Published: Oct. 26, 2015

In my four years at CU-Boulder, I have had my share of time-consuming, overwhelming, Stranger challenge
nearly impossible and just very despicable class assignments. Especially when the latters are engineering ones. However, as you go up the years and figure your major main track out, you tend to enjoy more specific and targeted assignments. Thus, I had probably one of the most fun assignments this past week for my senior project class. Because computer science students are notoriously known to not be the most outgoing people, generally speaking, this assignment was designed for them break out of their shells.

My senior project, being extremely entrepreneurship driven, involves heavy interaction with people we don’t know. We must go out, leave our personal computers alone for a moment and interact with potential users, customers, industry persons, mentors, investors and more. “Each person should upload a PDF containing a photo taken with a stranger . . . you will present this photo and describe your experience.” This was the assignment requirement. How exciting (and absolutely random) does it sound? Let’s just say I knew I was going to Stranger challenge
love this assignment: having a good reason to convince absolute strangers to take a not-so-awkward picture with me; that was going to be fun!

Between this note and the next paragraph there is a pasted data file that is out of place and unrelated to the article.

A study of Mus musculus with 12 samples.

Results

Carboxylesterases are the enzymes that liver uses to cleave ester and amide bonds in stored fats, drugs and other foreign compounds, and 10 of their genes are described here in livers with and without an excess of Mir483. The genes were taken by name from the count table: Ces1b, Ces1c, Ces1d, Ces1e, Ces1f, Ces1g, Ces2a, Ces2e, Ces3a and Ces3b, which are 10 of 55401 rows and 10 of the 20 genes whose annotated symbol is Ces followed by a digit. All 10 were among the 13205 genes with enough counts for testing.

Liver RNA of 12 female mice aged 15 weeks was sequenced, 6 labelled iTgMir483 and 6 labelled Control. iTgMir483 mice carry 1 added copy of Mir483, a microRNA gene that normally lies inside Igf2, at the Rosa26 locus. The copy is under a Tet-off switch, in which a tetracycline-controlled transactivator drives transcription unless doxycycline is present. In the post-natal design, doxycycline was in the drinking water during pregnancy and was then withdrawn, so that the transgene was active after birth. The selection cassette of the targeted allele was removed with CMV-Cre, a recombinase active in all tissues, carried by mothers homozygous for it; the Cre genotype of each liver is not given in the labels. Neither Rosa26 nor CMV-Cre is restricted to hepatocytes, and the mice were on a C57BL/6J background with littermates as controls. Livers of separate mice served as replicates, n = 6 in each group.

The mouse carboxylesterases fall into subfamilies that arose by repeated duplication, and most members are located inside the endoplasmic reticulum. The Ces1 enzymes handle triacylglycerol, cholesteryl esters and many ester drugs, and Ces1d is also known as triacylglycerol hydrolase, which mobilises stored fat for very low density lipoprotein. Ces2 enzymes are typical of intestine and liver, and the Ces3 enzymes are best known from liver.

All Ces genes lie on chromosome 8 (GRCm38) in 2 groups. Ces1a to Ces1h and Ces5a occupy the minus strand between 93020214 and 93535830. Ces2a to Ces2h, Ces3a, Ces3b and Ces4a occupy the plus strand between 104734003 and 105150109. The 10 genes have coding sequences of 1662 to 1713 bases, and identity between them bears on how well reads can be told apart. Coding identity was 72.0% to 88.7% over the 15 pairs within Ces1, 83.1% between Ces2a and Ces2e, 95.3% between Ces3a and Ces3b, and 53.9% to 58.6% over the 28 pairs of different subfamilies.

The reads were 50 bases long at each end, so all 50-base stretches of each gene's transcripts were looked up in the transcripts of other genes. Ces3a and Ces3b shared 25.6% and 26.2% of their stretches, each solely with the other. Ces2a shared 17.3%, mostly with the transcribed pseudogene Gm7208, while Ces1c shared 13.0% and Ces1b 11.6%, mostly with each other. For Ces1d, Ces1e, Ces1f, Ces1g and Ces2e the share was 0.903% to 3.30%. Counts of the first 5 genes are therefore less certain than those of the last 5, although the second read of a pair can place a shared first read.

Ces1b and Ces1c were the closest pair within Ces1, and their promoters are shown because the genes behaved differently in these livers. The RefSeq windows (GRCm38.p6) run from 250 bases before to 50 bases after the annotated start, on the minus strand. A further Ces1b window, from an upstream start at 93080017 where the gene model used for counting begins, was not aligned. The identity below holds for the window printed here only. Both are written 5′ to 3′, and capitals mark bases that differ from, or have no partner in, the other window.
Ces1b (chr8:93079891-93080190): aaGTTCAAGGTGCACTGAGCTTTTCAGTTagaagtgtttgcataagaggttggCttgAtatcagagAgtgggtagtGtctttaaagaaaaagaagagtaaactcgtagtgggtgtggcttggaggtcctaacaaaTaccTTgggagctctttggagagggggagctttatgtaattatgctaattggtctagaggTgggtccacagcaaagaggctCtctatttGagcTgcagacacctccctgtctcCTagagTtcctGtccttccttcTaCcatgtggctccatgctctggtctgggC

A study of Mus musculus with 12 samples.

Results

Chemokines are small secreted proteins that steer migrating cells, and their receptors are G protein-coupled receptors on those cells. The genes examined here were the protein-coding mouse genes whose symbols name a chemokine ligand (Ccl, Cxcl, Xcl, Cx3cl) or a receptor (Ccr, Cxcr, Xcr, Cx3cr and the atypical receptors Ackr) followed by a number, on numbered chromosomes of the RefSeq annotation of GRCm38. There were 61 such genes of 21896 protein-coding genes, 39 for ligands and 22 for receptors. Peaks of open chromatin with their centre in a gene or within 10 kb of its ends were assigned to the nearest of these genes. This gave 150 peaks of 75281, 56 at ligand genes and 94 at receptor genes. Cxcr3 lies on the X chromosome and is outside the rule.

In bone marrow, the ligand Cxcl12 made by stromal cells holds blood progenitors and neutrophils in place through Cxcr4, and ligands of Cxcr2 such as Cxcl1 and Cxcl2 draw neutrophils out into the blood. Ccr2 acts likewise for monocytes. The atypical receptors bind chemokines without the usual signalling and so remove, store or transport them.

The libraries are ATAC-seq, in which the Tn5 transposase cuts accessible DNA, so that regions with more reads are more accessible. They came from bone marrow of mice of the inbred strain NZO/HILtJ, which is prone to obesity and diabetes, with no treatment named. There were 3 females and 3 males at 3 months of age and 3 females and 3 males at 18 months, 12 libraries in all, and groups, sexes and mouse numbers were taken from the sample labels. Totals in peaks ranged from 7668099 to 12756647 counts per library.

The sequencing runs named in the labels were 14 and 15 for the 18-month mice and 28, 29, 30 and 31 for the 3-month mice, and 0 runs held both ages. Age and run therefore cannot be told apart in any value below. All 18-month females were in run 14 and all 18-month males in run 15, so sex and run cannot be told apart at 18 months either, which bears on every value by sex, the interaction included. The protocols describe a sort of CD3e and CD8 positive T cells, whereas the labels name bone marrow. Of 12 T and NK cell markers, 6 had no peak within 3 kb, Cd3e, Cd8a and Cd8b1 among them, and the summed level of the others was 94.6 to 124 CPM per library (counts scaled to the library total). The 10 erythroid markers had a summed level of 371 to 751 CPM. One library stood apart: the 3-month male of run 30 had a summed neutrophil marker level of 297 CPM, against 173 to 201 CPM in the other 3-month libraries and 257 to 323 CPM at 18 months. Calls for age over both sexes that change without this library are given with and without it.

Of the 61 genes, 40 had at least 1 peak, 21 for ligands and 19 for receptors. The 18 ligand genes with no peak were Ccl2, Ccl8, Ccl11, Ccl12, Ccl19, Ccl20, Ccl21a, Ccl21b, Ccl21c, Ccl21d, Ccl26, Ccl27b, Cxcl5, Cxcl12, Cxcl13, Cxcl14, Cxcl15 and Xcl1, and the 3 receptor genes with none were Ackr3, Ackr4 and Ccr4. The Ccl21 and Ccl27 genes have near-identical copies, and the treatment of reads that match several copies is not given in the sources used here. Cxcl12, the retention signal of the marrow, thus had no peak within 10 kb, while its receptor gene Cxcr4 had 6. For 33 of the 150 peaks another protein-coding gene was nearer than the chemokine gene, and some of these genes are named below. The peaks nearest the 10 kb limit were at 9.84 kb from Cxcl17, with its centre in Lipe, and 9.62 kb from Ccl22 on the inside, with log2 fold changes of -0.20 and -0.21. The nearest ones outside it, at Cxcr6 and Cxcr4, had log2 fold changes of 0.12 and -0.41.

One last requirement though, was to take the picture holding a piece of paper that explicitly says “I do not know this person.” Obviously, not everybody was excited about this homework and there was an alternative to this. If you could not find anybody to pose with you or if you simply really, really, really didn’t want to do it, you could just snap a picture of yourself holding another piece of paper saying “I failed. And that’s good,” which we were told happened quite a few times. Nevertheless, it is OK to be shy or lazy (or both), but when you are in campus with over 20,000 students, that cannot be a valid excuse anymore.

In my case, all I had to do was wander around a crowded place on campus like the UMC, in the hunt for friendly looking faces. Make sure to target people sitting or at least people who did not seem to be in a hurry. Also avoid those who look grumpy and cold. I think most students on campus would not mind taking a friendly picture with you . . . at least after you successfully prove them that it is for a class assignment. In that case, do not hesitate to take your phone out and to show them the requirements. At least, I did.